The complexity of global supply chains depends largely on what and how much you’re sourcing. With some materials — like paper — you’ll find a suitable supplier almost anywhere in the world.
However, in the electronics industry, things are not so straightforward. Multiple commodities from multiple suppliers across various geographic locations mean global electronics supply chains are much trickier to manage.
One of the main challenges of electronics is the sheer volume of parts that go into one product. Some of these parts also need to have approvals, and suppliers will require certain certifications. Bespoke parts are often manufactured to specific designs, too — meaning rigorous testing and sampling are necessary to ensure they meet meticulous quality standards.
Why is a stable supply chain so important?
A good supply chain is all about remaining competitive. If a customer comes to you wanting a specific part for a project, you need to know that you can deliver through a trusted chain of suppliers. As such, having a range of approved global suppliers is key to ensuring you never have to reject new enquiries.
A strong network of suppliers also allows you to free up capacity and manufacture a range of products more cost-effectively (and at short notice) — which, ultimately, translates to a better price for the customer. This is why so many companies in the electronics sector will have at least some offshore suppliers.
However, supplier selection is crucial. It’s not enough to have a good website or a good booth at an exhibition — you need to see the factory and the quality of the parts they produce first-hand. When customers place orders, you need to know exactly where their products are coming from.
It’s also important not to cast the net too wide. Once suppliers are spread out too far, the chain becomes more difficult to manage, and you lose control of where the materials come from. Instead, it’s crucial to build long-term partnerships with suppliers that share and uphold your ethos, integrating them into your business to ensure a fluid process.
What is the impact of external factors?
A stable supply chain is based on control. When something happens in one part of the supply chain, it tends to have a knock-on effect on other aspects. But what happens when external factors outside of your control occur?
Lately, there’s been a lot of focus on how the coronavirus pandemic has been affecting supply chains — particularly in China. While factory capacity was reduced for a short period, they were able to open again relatively quickly. The main issue now is that China focuses predominantly on overseas customers, many of whom won’t be in a position to place orders at the moment. The cost of freight has also skyrocketed due to limited flights and sailings, with some operators charging double or triple what they did pre-coronavirus.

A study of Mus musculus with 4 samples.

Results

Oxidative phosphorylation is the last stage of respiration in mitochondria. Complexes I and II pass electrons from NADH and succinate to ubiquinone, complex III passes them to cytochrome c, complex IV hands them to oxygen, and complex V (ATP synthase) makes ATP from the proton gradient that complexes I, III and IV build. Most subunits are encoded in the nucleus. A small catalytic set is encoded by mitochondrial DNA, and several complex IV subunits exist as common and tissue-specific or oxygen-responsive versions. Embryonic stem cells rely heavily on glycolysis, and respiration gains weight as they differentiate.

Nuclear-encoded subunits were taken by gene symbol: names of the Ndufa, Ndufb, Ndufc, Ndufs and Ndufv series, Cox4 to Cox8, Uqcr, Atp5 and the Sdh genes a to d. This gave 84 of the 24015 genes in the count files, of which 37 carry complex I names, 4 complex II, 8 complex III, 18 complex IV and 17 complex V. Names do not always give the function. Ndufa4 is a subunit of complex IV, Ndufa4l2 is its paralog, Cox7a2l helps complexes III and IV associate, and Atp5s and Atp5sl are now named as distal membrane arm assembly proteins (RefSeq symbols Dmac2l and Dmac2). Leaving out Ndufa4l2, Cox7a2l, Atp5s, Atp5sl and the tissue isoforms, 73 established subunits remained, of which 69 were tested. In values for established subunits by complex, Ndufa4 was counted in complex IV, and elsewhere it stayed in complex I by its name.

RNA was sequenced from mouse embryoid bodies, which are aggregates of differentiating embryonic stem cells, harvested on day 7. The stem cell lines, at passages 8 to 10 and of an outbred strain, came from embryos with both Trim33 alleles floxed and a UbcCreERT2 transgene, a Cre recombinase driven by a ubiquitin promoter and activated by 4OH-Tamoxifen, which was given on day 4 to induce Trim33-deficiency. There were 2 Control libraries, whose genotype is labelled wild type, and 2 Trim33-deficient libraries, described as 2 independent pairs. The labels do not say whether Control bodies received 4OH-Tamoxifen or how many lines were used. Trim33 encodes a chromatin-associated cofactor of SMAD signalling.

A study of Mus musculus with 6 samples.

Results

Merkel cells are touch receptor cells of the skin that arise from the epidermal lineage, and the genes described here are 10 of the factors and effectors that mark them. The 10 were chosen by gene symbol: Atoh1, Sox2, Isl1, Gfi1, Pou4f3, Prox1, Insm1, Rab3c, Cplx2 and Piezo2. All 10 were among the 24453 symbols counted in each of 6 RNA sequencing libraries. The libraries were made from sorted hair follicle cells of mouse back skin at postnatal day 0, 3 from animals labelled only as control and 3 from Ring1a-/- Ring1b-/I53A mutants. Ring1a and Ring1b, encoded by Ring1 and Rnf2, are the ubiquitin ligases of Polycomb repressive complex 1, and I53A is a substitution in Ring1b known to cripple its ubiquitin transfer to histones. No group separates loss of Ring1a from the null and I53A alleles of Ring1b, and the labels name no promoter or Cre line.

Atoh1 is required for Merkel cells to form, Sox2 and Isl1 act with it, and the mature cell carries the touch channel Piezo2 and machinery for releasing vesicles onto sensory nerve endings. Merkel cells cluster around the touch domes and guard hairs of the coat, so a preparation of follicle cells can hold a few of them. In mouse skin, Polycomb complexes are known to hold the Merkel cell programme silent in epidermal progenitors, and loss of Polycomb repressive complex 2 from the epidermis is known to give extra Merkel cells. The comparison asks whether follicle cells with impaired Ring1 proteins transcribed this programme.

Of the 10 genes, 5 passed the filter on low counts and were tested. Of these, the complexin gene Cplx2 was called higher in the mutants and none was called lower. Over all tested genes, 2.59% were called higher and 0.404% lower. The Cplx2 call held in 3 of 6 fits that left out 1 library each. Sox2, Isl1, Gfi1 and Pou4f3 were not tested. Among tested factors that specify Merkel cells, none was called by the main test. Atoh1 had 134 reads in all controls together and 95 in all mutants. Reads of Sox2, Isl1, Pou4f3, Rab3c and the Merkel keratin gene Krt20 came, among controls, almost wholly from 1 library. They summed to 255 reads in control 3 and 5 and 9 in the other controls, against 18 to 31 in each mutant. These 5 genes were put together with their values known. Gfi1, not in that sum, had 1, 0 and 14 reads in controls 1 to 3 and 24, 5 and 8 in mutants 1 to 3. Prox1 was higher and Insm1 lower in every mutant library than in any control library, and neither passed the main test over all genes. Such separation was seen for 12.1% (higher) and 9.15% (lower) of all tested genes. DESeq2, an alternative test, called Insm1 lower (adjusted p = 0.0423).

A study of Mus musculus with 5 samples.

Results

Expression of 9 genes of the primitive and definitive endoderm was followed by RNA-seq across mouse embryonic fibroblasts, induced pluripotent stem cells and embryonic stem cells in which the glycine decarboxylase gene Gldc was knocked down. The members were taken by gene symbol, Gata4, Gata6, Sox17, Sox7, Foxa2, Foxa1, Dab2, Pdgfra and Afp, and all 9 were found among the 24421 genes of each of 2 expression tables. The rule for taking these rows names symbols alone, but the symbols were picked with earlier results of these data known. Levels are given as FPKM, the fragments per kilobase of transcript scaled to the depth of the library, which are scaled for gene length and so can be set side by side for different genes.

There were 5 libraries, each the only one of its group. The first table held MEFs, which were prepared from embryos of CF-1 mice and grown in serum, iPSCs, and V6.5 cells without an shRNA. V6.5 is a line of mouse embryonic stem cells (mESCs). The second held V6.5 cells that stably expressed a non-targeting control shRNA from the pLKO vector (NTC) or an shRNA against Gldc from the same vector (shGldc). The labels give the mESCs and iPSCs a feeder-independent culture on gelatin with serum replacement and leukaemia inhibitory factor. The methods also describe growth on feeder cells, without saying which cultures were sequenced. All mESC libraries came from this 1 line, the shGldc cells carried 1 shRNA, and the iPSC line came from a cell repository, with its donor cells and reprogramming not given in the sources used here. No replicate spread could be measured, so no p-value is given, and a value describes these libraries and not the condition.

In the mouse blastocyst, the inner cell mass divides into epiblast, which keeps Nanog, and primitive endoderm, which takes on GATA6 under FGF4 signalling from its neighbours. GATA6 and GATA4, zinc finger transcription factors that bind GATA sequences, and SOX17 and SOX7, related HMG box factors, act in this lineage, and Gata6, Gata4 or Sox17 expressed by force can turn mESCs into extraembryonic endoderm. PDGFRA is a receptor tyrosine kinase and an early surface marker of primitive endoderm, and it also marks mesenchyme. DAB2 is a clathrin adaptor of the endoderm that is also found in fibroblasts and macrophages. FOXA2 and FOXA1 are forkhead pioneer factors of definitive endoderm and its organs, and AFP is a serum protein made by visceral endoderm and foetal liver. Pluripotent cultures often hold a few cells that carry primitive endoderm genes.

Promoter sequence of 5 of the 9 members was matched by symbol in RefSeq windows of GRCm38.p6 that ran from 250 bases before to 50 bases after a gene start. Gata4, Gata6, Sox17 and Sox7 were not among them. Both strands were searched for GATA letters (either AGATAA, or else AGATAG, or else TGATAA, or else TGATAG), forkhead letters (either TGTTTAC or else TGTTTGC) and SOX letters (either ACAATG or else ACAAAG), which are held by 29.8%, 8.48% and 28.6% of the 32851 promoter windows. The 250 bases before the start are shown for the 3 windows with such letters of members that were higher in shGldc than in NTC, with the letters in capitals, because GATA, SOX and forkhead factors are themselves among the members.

However, although the virus has dominated news headlines, for a lot of suppliers and customers in China and the U.S., the trade war will be a more pressing issue. The U.S. trade tariffs on goods coming from China mean many companies are struggling because they’re no longer receiving orders from U.S. customers. Yet, far from bringing manufacturing back to home soil, many companies are instead looking to Vietnam or the Philippines, where they can get goods manufactured without being hit by the trade tariffs.
Then there is also the issue of Brexit, which — like the U.S. trade tariffs — is likely to have more significant long-term impacts for companies operating in the UK and Europe. The main issue in this area will be the movement and taxation of goods, rather than demand or sourcing materials. As such, many UK companies may choose to move warehouses and operations to Europe to avoid paying excess duty or tedious customs checks and speed up shipping for customers.
What does the future hold for supply lines?
It would be easy to assume that supply lines from China to Europe will take a substantial hit following the coronavirus. In reality, many companies are unlikely to pull out of China and start sourcing materials from elsewhere. The products coming out of China are stable, and it’s difficult to find that quality at that price anywhere else.
Some U.S.-based manufacturers might look to suppliers elsewhere in Asia to avoid being stung by the trade tariffs. But there are risks of using suppliers from countries like Vietnam and the Philippines, which tend to be more unstable. In comparison, China has a strong business-focused infrastructure. Much of the technical knowledge and skillset — which has been lost in Europe and the US following the rush to close manufacturing in the West about 20 years ago — is also there.
Brexit is likely to see more movement of supply lines within Europe, as countries move their operations from the UK to countries within the EU.
Environmental and ethical issues could also have an impact on future supply chains, as customers start to demand more from the companies they do business with. As a result, both manufacturers and suppliers will need to start looking more closely at how they’re sourcing and moving their products, as well as the conditions they’re made in.